Home News The Fed’s Preferred Measure Of Inflation Heated Up In March

The Fed’s Preferred Measure Of Inflation Heated Up In March

  • Higher inflation could hurt household finances in another way, by keeping interest rates high on all kinds of loans as the Fed holds interest rates higher for longer to fight inflation.
  • The hot PCE report echoes what a different inflation measure, the Consumer Price Index, showed earlier this month.

A government report confirmed what people have already seen on their trips to the gas station and grocery store: inflation is staying too high for comfort.

The cost of living, as measured by the Personal Consumption Expenditures (PCE) index, rose 2.7% over the last year in March, up from a 2.5% annual increase in February, the Bureau of Economic Analysis said Friday. The uptick, driven largely by increases in food and energy prices, was slightly higher than the expectations of forecasters, according to a survey of economists by Dow Jones Newswires and the Wall Street Journal. 

Other Measures Foretold the Increase

The Consumer Price Index already showed overheated inflation earlier this month when the Bureau of Labor Statistics released it. But PCE inflation is more significant for the direction of interest rates because it’s closely watched by officials at the Federal Reserve who set the nation’s monetary policy.

“It’s going the wrong way,” said Dan North, senior economist at Allianz Trade.

The two major inflation measures are both based on surveys of prices of the things people buy but are calculated differently, with PCE inflation putting less emphasis on housing, for example. Hot inflation as shown by the PCE is bad news for anyone waiting for lower interest rates on things like mortgages and credit cards. 

After Thursday’s report on Gross Domestic Product (GDP) showed higher than expected inflation for the entire quarter, some economic watchers worried it belied a drastic increase in inflation. January’s annual rate was revised, up from 2.4% to 2.5%. That could come as a relief to some market watchers who were worried the quarterly figure would drastically change the outcome for March.

Inflation’s Core Is Heating Up

The Fed has been holding the influential fed funds rate at its highest since 2001 to combat inflation, putting upward pressure on interest rates on all kinds of loans. Fed officials have said they’re waiting for data showing inflation is firmly on the path to a 2% annual rate before they’ll cut the fed funds rate.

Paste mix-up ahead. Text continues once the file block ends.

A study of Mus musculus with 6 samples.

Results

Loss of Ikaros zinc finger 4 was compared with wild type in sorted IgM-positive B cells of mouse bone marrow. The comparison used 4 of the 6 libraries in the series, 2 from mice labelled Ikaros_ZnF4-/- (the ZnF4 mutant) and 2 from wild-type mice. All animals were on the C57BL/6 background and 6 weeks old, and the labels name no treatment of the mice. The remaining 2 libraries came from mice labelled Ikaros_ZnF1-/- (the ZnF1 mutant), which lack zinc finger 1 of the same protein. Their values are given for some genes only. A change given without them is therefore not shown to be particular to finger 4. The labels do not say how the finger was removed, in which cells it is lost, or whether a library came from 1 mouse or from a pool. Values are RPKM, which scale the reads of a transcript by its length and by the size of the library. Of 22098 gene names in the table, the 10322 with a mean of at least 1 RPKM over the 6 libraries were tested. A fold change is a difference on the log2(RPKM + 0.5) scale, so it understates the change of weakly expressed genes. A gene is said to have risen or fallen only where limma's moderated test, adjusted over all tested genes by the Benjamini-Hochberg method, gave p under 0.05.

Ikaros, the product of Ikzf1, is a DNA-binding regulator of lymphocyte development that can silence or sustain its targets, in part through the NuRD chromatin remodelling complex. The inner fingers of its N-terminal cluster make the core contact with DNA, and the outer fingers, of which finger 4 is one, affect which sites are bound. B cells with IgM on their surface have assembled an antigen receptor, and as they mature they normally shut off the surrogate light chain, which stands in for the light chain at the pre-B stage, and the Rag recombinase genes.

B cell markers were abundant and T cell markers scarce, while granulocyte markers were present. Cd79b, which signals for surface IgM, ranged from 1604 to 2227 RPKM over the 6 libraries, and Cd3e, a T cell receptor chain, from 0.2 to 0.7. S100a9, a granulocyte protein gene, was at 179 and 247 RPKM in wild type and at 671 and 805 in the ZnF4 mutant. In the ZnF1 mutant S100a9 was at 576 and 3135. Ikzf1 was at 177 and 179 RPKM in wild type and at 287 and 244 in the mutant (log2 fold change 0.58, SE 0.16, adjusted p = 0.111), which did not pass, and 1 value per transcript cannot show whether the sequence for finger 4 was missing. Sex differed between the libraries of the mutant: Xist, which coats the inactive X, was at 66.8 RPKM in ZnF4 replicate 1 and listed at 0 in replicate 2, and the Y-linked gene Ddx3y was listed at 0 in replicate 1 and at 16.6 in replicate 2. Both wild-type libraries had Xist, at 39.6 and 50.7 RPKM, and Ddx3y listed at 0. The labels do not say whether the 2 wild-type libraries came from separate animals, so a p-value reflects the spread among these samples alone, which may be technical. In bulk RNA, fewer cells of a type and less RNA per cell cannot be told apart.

The details of Friday’s report held another bad sign for interest rates: “core” inflation, which excludes volatile prices for gas and energy, rose 2.8% over the year, the same as in March, and higher than the drop to 2.7% that the median forecast had anticipated. Economists watch core inflation because it is a better indicator of long-term inflation pressures since it leaves out prices that tend to swing up and down for temporary reasons like the weather.

The report also showed consumers have plenty of firepower to keep spending, and are using it. Personal income rose 0.5% in March from February, up from a 0.3% monthly increase in February, supported by salaries in a labor market that still favors workers. Spending rose even faster at a 0.8% clip, the same as in February.

That’s along the same lines as Thursday’s report on the Gross Domestic Product, which showed consumer spending was still powering the economy ahead, despite some factors, including rising imports, making economic growth seem slower on paper.

“You’ve got to go under the hood,” North said of the GDP report. “The hood is rusty, but underneath, it’s really not so bad.”

That too has implications for rate cuts, since consumer spending is the main engine of the country’s economy, and if it’s going strong, the Fed has less reason to cut interest rates to stimulate growth.

Fed Can’t Get Confident with Numbers Like These

The streak of bad inflation reports this year combined with evidence that growth is still surging ahead is likely to discourage the Federal Reserve Chair Jerome Powell and other officials from cutting interest rates through at least November, North said.

“If you’re Jay Powell, and you’re looking at the growth side of the economy, you’re saying, ‘Well, it’s doing fine—look at personal consumption, look at the labor market. It doesn’t need any stimulus, so I don’t need to cut rates from that perspective,'” he said. “And if I look at the inflation side: To look at that core number, we’re at 2.8%. That’s not 2%. …We’re a long, long way from that as well. So this just keeps Jay Powell out for several months.”